Antipsychotics Black Box Warning for Elderly Patients

Doctor discussing prescription with senior patient


In 2005, the U.S. Food and Drug Administration (FDA) issued a black box warning that atypical antipsychotics were associated with a 60% to 70% increased risk of death in older people with dementia. This boxed warning was expanded to include typical antipsychotics in 2008.

Antipsychotic Black Box Warning (full text)

WARNING: Increased Mortality in Elderly Patients With Dementia-Related Psychosis

Elderly patients with dementia-related psychosis treated with antipsychotic drugs are at an increased risk of death. Analyses of 17 placebo-controlled trials (modal duration* of 10 weeks), largely in patients taking atypical antipsychotic drugs, revealed a risk of death in drug-treated patients of between 1.6 to 1.7 times the risk of death in placebo-treated patients. Over the course of a typical 10-week controlled trial, the rate of death in drug-treated patients was about 4.5%, compared to a rate of about 2.6% in the placebo group.

Although the causes of death were varied, most of the deaths appeared to be either cardiovascular (e.g., heart failure, sudden death) or infections (e.g., pneumonia) in nature. Observational studies suggest that similar to atypical antipsychotic drugs, treatment with conventional antipsychotic drugs may increase mortality. The extent to which the findings of increased mortality in observational studies may be attributed to the antipsychotic drug as opposed to some characteristic(s) of the patients is not clear.

[DRUG BRAND NAME (drug generic name)] is not approved for the treatment of patients with dementia-related psychosis.

*Modal duration means that the most common length of the trials used was 10 weeks.

Antipsychotic Medications With Black Box Warnings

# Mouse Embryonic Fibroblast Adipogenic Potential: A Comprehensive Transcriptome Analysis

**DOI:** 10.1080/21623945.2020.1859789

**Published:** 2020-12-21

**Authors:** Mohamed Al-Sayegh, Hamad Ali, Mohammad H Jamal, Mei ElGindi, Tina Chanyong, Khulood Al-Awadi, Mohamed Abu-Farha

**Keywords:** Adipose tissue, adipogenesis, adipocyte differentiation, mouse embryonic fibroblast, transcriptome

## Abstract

The antipsychotics that carry this black box warning include both atypical (second-generation) antipsychotics and the older typical (first-generation) antipsychotics, including:

Atypical Antipsychotics

The following atypical antipsychotics are among the most commonly prescribed medications used to treat mood and behavioral symptoms associated with dementia:

  • Abilify (aripiprazole)
  • Caplyta (lumapeterone)
  • Clozaril (clozapine)
  • Fanapt (iloperidone)
  • Geodon (ziprasidone)
  • Invega (paliperidone)
  • Latuda (lurasidone)
  • Rexulti (brexipiprazole)
  • Risperdal (risperidone)
  • Saphris (asenapine)
  • Seroquel (quetiapine)
  • Vraylar (cariprazine)
  • Zyprexa (olanzapine)

Typical Antipsychotics

There are also many different typical antipsychotics used to treat dementia. Some of the most commonly prescribed typical antipsychotics for dementia include:

  • Compro (prochlorperazine)
  • Haldol (haloperidol)
  • Loxitane (loxapine)
  • Mellaril (thioridazine)
  • Moban (molindone)
  • Navane (thiothixene)
  • Orap (pimozide)
  • Prolixin (fluphenazine)
  • Stelazine (trifluoperazine) 
  • Thorazine (chlorpromazine)
  • Trilafon (perphenazine)

Why These Medications Are Still Used

Psychosis and agitation in dementia can cause considerable distress to an older person or to their caregivers. Because there are a limited number of medications that can treat this condition, your loved one's doctor may still use one or more antipsychotic medications that carry this black box warning. In a situation like this, the doctor will consider whether the potential benefits of using these medications are greater than the risks.